From the favourer: "This collection of reimagined fairy tales has stuck with me because of their dark, visceral, beautiful, comical and subversive qualities. It stands out as my favourite of her works. I discovered Angela Carter as an impressionable Arts undergraduate, and devoured the majority of her oeuvre in a matter of weeks."
Somehow, I managed to do an entire Arts degree without ever reading or studying The Bloody Chamber. (I also managed to never go to Goo on Thursdays at the Metro, but that's something I believe works in my favour.) As such, my post here is going to attempt to avoid all forms of undergraduate-essay-style-analysis - I'm sure there's enough of that out there if you want more information on role-reversal of 'the hero' and symbolic reinforcement of oppressive social mechanics. In fact, if you just read the marginalia in the copy I got from the library (with its somewhat unsubtle cover), it's pretty much all there for you in pink pencil*.
My vague (and largely incorrect) notion of The Bloody Chamber was that it was a collection of feminist re-writings of traditional fairy tales. You know: girl escapes wolf, the end. The stories are in fact much more varied and amorphous than that - they pick up undercurrents in the original tales, what Carter calls the "latent content", and use them as a jumping-off place for stories that are sometimes reworkings, sometimes diversions, and sometimes only have a vague family resemblance to the tale that gave birth to them. It can be like looking at a long lost cousin who you only know is related to you because of the unfortunate genetic dominance of Uncle Barry's nose.
The title story is the longest and probably the most recognisable as a fairy tale (Bluebeard) treatment. Now that we've mentioned the title 'The Bloody Chamber', let's just all say it loudly: VAGINA VAGINA VAGINA. There. Can we move on now? The young bride is brought to her new husband's house, given the keys to the castle and told to explore while he is away - except, of course, for That One Room. We all know what's in that room, but Carter gives it a lush, torturous treatment that is far more interesting than some decapitated lasses who could have used a haircut. The story isn't left there, however, and in an abrupt (possibly too abrupt) turn of events, the new bride's mother steams in on a horse to take on the brutish husband.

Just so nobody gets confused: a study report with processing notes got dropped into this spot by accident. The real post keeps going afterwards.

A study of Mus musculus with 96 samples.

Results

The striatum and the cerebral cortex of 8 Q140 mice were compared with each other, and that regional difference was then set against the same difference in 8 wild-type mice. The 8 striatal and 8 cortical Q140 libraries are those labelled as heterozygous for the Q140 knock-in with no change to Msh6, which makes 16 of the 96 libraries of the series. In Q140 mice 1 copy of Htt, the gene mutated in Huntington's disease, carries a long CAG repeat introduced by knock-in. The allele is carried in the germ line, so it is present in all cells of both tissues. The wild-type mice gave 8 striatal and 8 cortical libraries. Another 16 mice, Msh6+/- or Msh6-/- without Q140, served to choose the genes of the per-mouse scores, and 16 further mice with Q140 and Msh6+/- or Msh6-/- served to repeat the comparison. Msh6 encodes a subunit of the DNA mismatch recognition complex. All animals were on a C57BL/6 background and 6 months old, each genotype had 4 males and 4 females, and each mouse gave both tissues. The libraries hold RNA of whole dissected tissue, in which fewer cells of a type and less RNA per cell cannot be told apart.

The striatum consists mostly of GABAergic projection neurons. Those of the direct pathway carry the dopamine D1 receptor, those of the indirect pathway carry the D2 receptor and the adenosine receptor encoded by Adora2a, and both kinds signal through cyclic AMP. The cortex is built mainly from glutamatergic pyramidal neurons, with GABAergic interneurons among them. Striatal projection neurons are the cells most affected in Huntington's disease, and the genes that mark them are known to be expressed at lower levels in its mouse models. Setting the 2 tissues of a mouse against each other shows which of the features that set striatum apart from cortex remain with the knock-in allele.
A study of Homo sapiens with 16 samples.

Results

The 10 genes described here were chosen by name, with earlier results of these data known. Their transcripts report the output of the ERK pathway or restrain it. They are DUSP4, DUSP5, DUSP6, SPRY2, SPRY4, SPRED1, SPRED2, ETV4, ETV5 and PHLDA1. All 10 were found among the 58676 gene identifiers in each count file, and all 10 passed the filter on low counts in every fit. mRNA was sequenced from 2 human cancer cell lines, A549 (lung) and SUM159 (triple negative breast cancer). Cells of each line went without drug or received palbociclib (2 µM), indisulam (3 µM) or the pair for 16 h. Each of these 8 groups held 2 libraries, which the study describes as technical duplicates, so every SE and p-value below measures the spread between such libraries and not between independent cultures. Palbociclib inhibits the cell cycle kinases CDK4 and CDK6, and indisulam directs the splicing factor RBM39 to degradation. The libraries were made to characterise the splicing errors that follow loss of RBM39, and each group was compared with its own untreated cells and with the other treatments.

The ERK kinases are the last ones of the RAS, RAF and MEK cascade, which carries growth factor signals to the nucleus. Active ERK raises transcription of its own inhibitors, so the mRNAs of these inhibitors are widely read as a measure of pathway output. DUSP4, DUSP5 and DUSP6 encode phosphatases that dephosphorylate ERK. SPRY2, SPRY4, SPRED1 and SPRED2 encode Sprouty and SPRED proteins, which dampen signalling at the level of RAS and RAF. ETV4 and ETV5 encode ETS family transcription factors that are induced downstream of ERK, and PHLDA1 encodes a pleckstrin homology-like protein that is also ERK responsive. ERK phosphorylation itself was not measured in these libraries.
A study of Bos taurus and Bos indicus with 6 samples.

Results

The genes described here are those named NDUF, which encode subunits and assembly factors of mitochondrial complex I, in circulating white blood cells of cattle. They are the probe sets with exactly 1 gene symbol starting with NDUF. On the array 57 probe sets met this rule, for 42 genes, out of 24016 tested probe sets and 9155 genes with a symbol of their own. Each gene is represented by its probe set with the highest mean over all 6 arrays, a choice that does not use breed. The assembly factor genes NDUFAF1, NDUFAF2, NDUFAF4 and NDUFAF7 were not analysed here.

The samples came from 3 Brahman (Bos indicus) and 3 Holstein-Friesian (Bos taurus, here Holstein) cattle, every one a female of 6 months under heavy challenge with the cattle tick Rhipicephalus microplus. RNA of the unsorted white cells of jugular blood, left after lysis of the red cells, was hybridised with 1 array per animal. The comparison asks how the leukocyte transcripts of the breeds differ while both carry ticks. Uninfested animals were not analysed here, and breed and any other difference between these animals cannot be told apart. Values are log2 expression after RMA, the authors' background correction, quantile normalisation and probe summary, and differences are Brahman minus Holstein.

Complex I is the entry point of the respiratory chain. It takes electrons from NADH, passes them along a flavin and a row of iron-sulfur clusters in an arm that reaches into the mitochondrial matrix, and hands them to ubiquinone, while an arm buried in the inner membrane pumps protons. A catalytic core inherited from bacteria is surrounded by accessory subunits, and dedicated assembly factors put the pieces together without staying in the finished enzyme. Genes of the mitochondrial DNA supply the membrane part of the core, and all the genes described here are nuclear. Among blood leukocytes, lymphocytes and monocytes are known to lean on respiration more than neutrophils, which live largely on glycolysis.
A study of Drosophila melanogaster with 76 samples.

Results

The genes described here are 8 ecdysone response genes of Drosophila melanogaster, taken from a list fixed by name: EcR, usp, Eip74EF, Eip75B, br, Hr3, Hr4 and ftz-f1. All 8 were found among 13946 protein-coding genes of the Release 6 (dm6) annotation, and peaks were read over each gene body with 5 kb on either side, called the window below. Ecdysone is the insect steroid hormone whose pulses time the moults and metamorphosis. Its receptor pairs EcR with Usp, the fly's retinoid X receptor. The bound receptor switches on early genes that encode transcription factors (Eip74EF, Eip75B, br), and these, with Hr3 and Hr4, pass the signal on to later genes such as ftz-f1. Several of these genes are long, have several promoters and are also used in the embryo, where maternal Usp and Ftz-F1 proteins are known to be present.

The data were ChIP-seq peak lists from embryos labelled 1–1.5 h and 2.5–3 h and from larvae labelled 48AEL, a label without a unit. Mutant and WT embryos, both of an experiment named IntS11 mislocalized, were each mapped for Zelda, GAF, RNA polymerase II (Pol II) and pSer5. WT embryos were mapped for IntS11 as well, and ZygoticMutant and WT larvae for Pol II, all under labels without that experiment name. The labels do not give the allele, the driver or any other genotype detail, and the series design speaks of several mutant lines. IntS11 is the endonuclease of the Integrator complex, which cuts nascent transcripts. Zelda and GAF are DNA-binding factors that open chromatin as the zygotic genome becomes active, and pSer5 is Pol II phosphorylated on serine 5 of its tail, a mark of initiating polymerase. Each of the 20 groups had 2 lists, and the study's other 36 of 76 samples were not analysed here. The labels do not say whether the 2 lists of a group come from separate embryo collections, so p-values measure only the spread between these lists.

In some cases, such as Little Red Riding Hood, there are multiple stories that spring from the one tale. In 'The Werewolf', the girl defeats the wolf but discovers her enemy is not who she thinks it is, and in 'The Company of Wolves' the girl faces down the Granny-imposter with an animal sexuality that matches his own: "The girl burst out laughing: she knew she was nobody's meat. She laughed at him full in the face, she ripped off his shirt for him and flung it into the fire".
The stories range from humorously farcical ('Puss-in-Boots') to stark and shocking: 'The Snow Child' inherits its colouring from Snow White but in two short pages fills it with incestuous necrophiliac grief.
Perhaps my favourite tale is 'The Erl-King', which is inspired by a German mythical creature (not a commonly known tale - which explains why I couldn't see Uncle Barry's nose anywhere in it at all). Of all the stories this one is the most uncanny and abstract. It feels like the ancestor of a fairy tale, a primal gestation among dirt, beasts and spirits of what will grow into a linear tale as it is passed along through centuries of mouths. It's an odd comparison to make, but it reminded me of how Robert Holdstock treats fairy tale characters in books such as Mythago Wood and Lavondyss - the wild, undependable creatures who bear only a vague resemblance to their later incarnations (and that's even without mentioning Disney).
The tales are often intensely sexual and richly described, but as these are still 'tales', as opposed to what we think of in terms of 'short stories', the language is more dry and formalised (you won't find any references to Cinderella's or Dev's 'slippery cave', thank Christ). I think this is why while I appreciate these tales and find them vastly interesting and accomplished, I don't find myself immersed in them in the way I prefer. As readers, Carter's choice of 'tale' format doesn't so much give us characters, it gives us figures. As the favourer notes, I think it would be a hugely formative book to read or study in undergrad, perhaps before you have experienced parallel newer treatments (Jeanette Winterson springs to mind) or research. The book's huge reception when it was first published (especially compared to Carter's previous work) probably has a lot to do with this too - this sort of revisioning hadn't been read before. As a feminist way of reclaiming traditional tales, they work beautifully, and it's no wonder they caused a stir. I was a little surprised at the heterosexuality of Carter's imaginings - there's all manner of sexual encounters from consensual to bestial to incestuous to rape, but Red Riding Hood is never going to jump into bed and ravish Grandma. But this is also to do with when the book was written, I think. Probably lucky for Grandma, too.
Favourite books are often ones that come to us at the right time and the right place in our lives (I know mine have). Sometimes it's childhood, adolescence, undergrad study, or when something is happening in our lives that just makes a book click into Favourites Territory. Sometimes we don't re-read them because we don't want to spoil the memory of the feeling they created, and I think that's fair enough. But sometimes we re-read them over and over, and the way they make us feel never changes. I think The Bloody Chamber is definitely one of the latter sorts, for people who strike it at just the right time in their lives. Which is pretty damn brilliant, really.
*It's occurred to me later this might sound facetious, but my copy actually was annotated in pink pencil.